Michael Holloway

Meet Milwaukee’s First Cidery

Cache Cider sells single-varietal craft ciders, each made from one kind of apple, each with a unique taste.

By - Mar 14th, 2021 06:40 pm
Cache Cider. Photo by Michael Holloway.

Cache Cider. Photo by Michael Holloway.

Ask someone who has seen Ethan Keller perform, and they’d probably describe him as a musician. Ask someone who’s tasted a batch of cider brewed by him, and they’d surely call Keller a cider-maker. But Keller sees himself as something of a historian.

“Maybe I’m a little pompous when I think I’m going out there and trying to educate everyone, but really I just want to present (my cider) as it is,” Keller says. “I’m interested in documenting year by year what the apples turn out as.”

And that’s what Keller’s now-open cidery — called Cache Cider — is really all about: Its a no-frills introduction to the flavors of some of Wisconsin’s oldest apples. Whereas a typical cider found on the shelves of your local liquor store might contain a blend of several types of apples, a majority of the ciders that Keller offers focus on a single apple — a type of cider known as a single-varietal. It’s considered a modern approach to cider making, but one that Keller hopes will have his customers looking back toward the rich history of each apple used.

“There’s no recipes — its just the apple. It is what it is,” Keller says.

Cache Cider operates out of a warehouse space located at 2612 S. Greeley St., near Bay View’s Hide House. When Urban Milwaukee last spoke to Keller in August 2020, he was awaiting the proper licensing to open his business. Cache Cider officially became a state winery in December of last year, and obtained its local liquor license just last month.

With all of the official licensing in place and its doors open to the public, Cache Cider is now Milwaukee’s first cidery, a concept that Keller still can’t believe hadn’t been done before, but one that will likely be followed by other cideries as the craft cider industry continues to grow in popularity.

“Its just juice, heat and yeast,” Keller says. “My cost of operation is so low, I don’t even use a lot of water. It’s a bare-bones operation.”

Keller currently offers six ciders — four single-varietals and two blends. His most popular cider, the Northwestern Greening, is dry and light with a hint of ginger. The Northwest Greening apples that Keller used to produce that particular batch of cider hailed from Gays Mills, an area of Wisconsin with a rich apple-growing history that produced a bushel of apples that went on to take home a first-place prize at the Chicago World’s Fair. The apple variety itself was first raised in 1849 in Iola, Wisconsin by a man named Jasen Hatch. And just like that, Keller has reconnected a consumer with some of Wisconsin’s agricultural and geographical history with one 12 oz. bottle.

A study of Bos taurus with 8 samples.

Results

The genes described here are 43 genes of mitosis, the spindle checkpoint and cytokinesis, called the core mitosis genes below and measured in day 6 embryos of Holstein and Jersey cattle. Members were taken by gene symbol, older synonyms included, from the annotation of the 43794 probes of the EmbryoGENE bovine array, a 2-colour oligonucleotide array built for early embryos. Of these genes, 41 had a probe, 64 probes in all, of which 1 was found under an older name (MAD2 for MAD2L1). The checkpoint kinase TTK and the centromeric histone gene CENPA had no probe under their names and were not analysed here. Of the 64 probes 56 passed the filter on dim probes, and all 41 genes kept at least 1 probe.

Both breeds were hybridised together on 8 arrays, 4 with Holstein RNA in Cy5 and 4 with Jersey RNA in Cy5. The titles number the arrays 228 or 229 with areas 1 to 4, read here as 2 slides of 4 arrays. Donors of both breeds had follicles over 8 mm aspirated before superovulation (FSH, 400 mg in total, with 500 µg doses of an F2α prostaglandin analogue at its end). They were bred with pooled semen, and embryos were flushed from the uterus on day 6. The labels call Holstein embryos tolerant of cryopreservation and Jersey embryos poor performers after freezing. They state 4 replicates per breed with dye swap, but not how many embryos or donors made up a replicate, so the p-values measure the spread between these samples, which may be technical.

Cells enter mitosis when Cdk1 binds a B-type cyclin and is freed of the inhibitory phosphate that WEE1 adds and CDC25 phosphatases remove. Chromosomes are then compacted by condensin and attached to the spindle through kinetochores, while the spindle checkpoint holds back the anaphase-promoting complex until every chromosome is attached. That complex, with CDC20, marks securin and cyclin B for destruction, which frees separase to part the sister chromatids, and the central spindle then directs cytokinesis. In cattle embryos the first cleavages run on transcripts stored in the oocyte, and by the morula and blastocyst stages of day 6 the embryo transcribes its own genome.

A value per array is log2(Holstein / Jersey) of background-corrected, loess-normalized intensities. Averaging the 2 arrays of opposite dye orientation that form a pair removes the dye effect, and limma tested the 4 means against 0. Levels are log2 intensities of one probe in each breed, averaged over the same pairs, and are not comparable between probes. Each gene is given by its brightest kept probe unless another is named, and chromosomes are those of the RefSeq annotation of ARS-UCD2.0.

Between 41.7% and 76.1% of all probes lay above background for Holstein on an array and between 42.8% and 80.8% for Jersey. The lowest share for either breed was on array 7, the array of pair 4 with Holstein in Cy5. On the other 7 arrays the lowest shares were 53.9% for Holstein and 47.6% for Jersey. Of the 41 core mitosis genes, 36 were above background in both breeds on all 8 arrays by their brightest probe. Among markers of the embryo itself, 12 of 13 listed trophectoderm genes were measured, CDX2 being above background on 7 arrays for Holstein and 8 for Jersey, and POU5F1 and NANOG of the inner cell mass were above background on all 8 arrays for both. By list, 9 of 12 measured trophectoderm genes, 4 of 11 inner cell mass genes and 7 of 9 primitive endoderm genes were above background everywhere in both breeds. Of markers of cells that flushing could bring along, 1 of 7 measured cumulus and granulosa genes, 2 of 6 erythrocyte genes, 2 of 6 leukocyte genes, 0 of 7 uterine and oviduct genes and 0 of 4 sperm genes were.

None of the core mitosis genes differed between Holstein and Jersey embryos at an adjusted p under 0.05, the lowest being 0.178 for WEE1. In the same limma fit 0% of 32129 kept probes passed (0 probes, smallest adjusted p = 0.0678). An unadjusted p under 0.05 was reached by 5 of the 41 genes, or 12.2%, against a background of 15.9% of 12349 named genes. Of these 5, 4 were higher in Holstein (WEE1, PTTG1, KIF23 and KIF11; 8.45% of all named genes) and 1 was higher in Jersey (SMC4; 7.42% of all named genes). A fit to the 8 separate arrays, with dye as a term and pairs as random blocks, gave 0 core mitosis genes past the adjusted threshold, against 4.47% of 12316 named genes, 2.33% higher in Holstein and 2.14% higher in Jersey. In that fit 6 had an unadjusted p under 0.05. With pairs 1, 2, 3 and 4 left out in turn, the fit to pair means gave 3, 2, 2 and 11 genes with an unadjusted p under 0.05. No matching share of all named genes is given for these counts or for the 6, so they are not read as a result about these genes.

“It seems like everyone is in a race to bypass the apple,” Keller says. “Like, wait a second, let people have the story about that apple.”

Keller bends his own rules with his  “Entangled” series of ciders, offering either a hard cider created using a blend of apple varieties or one created using additional fruits. The “Entangled Cherry,” for example, is a 5.5% ABV hard apple cider interfusing the flavors of sour and dark cherries. Keller also suggests customers make their own blends using the various single-varietals that he offers. He likens it to eating a pack of Lifesavers — eat your favorite flavors by themselves and find out which you like, then try experimenting and pop a couple into your mouth at once.

While Keller has sourced the apples used in his ciders from various orchards and markets all across Wisconsin, he’s currently working on growing his own. He’s leasing a half-acre fenced-in space at Utopia Gardens up near New Glarus, where he has planted 40 apple trees. He’s hoping to eventually bump that number up by one hundred trees.

Pumping out ciders using his own apples isn’t the only future plan for Cache Cider. Keller will eventually begin selling a 9% ABV cider — an alcohol content so high that it propels the cider into the category of wines. His most potent cider yet, Keller achieved this feat through a process called sweating — allowing the apples to sit over a short period of time and allowing the moisture to dehydrate out of the fruit, resulting in less juice but a higher sugar content. Adding a boozy touch, Keller also hopes to begin an aging program, where he can fortify his ciders with whiskey and other liquor.

Cache Ciders current offerings run for $14 or $15 a four-pack, depending on the varietal. Sample packs can be created as well for $4 a bottle. The cidery is currently open Monday through Friday from 4 p.m. to 9 p.m., on Saturday from 12 p.m. to 9 p.m. and on Sunday from 12 p.m. to 6 p.m. And Keller offers in-person tasting as well for those who would like to sit at the bar. If they’re lucky, they just might get a history lesson from Keller himself.

“I’m very proud of Wisconsin — it seems like my civic duty to help people reconnect with their agriculture, with their food and with their land,” Keller says.